Galvanizing makes a huge difference in the longevity of steel. A coat of zinc applied in a hot dip at a professional galvanizing facility protects steel from oxidation and other kinds of corrosion for 50, 75, and sometimes even 100 years before the very first need for maintenance. But why does steel need to be coated with zinc to be galvanized? After all, copper doesn’t rust, either.
The reason the galvanizing process works isn’t all about whether a coating on steel rusts or doesn’t. The reason galvanizing with zinc works is that it protects steel in ways copper cannot.
All Metals Oxidize, But Some Metals Oxidize Faster Than Others
The reason that the galvanizing process uses zinc instead of other metals is that zinc oxidizes and experiences acid corrosion “sacrificially” to steel. That means that when zinc is in contact with steel, oxygen and acids will attack the zinc rather than the steel beneath it. And the formation of an alloy of zinc and steel in the intense heat of a galvanizing pot forms a protective layer of zinc on a steel construction member or a steel part that can’t be corroded away.
The idea behind galvanizing started out with some observations about how metals conduct electricity. Some metals conduct electricity better than others. That’s because they more readily give up electrons to the flow of electrical current than others.
When an atom of a metal gives up an electron, it takes on a positive charge. Acquiring a positive charge makes it attractive to chemicals that are negatively charged like the oxygen in water. Iron in steel and oxygen in water form ferric or ferrous oxide, also known as rust. Similarly, unprotected steel can interact with ions in air and water pollution to form compounds that weaken it, threatening cosmetic damage and then loss of structural integrity.
There’s a pecking order among metals that determines which metal reacts first if both metals are exposed to oxygen or other corroding substances. Some metals are so reactive it is completely impossible to use them for galvanizing. Sodium (the same sodium in sodium chloride, also known as table salt) is so reactive that dropping sodium turnings into water results in a “Whoosh” and an explosion. If somehow it were possible to use sodium to galvanize steel, it would prevent rusting, but the heat of reaction with water would melt it.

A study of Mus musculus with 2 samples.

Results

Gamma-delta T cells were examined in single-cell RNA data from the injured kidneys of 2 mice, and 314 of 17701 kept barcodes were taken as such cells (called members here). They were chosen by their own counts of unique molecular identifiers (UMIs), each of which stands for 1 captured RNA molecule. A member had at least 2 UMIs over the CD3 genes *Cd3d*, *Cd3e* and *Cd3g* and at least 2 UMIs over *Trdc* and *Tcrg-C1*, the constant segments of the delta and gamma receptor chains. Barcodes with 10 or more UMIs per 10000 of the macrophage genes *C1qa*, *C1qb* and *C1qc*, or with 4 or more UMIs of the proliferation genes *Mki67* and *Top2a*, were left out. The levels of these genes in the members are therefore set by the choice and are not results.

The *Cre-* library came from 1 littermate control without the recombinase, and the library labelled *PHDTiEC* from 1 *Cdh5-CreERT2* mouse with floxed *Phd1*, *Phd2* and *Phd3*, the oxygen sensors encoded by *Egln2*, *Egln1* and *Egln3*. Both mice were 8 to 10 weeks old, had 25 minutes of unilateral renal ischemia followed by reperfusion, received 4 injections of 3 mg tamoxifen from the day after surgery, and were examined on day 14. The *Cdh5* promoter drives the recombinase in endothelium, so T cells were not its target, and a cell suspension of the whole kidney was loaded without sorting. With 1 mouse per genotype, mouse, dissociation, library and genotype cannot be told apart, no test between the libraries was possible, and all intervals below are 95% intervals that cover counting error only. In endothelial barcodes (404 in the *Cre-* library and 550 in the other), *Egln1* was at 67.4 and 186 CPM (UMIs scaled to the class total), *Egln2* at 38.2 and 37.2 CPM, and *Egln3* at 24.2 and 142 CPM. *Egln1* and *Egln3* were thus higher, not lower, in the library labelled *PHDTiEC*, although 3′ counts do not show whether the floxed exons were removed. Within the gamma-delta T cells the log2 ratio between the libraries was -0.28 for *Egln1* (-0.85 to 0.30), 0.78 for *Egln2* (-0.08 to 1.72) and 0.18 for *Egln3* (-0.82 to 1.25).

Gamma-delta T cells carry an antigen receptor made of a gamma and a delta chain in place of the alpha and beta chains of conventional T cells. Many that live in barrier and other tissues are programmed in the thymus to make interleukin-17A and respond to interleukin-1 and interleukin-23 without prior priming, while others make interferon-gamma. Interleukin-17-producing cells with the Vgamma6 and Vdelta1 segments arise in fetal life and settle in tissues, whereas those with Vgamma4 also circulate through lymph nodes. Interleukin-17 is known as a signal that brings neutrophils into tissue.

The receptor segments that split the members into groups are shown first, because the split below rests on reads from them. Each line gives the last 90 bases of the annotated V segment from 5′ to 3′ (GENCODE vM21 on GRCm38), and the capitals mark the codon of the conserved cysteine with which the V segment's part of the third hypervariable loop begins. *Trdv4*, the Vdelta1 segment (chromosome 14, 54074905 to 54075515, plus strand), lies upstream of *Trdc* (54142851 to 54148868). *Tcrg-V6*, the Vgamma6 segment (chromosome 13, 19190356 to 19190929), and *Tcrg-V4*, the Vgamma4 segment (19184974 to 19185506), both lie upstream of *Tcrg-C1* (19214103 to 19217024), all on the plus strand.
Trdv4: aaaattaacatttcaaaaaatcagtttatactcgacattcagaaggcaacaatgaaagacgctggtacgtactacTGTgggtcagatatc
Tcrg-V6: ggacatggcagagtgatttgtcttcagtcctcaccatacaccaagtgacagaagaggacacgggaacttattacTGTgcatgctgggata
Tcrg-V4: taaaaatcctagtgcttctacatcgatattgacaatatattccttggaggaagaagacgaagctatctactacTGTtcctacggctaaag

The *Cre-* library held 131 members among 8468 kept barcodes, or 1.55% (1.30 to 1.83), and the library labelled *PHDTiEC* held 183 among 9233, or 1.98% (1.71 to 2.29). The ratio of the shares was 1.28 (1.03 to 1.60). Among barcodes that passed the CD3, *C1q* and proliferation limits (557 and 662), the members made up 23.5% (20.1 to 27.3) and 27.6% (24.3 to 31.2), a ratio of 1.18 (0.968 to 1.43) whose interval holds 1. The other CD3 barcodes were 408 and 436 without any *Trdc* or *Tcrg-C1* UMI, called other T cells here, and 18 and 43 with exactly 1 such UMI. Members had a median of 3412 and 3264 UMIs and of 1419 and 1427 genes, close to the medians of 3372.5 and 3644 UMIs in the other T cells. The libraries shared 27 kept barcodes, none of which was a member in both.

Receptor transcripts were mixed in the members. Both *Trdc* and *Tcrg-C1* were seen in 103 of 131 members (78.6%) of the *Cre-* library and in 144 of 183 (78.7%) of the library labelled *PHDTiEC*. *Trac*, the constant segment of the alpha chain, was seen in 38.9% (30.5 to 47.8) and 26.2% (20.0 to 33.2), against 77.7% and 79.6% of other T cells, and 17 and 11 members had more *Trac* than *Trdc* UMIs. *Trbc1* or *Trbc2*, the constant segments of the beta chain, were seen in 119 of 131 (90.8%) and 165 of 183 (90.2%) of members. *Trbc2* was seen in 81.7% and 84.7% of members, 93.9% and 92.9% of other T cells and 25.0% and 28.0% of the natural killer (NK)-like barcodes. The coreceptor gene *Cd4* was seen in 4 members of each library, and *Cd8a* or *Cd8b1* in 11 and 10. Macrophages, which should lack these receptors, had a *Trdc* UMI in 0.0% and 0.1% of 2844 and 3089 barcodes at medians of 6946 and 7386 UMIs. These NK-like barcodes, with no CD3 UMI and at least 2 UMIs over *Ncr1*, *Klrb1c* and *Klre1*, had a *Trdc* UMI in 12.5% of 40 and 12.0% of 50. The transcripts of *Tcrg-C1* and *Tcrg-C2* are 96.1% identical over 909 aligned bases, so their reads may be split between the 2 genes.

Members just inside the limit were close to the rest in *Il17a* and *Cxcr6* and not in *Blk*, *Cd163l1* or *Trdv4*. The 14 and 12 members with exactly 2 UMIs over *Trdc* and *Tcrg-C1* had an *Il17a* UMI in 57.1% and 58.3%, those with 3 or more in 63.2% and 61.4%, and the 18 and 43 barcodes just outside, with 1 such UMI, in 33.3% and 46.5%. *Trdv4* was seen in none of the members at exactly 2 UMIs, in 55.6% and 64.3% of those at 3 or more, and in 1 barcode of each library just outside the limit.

Other metals are not quite as reactive as sodium. The hierarchy of reactivity goes like this:
- Magnesium is more reactive than zinc.
- Zinc is more reactive than aluminum.
- Aluminum is more reactive than cadmium.
- Cadmium is more reactive than cast iron.
- Cast iron is more reactive than carbon steel.
- Carbon steel is more reactive than stainless steel.
- Stainless steel is more reactive than lead.
- Lead is more reactive than solder.
- Solder is more reactive than tin.
- And tin is more reactive than copper.
Metals that are more reactive protect metals that are less reactive by losing electrons first. Zinc is more reactive than any kind of steel, so it protects steel. But steel is more reactive than copper, so if you coated steel with copper, and the copper got scratched, the steel would corrode while the copper stayed intact. That’s not the effect architects, engineers, and fabricators are looking for.
Copper Can Be Used For Weathering Steel
That doesn’t mean that steel isn’t ever dipped in a copper coat. Copper is used to make weathering steel, also known as COR-TEN steel. The copper coating gives the steel beneath it a weathered appearance, which is sometimes architecturally or aesthetically desirable.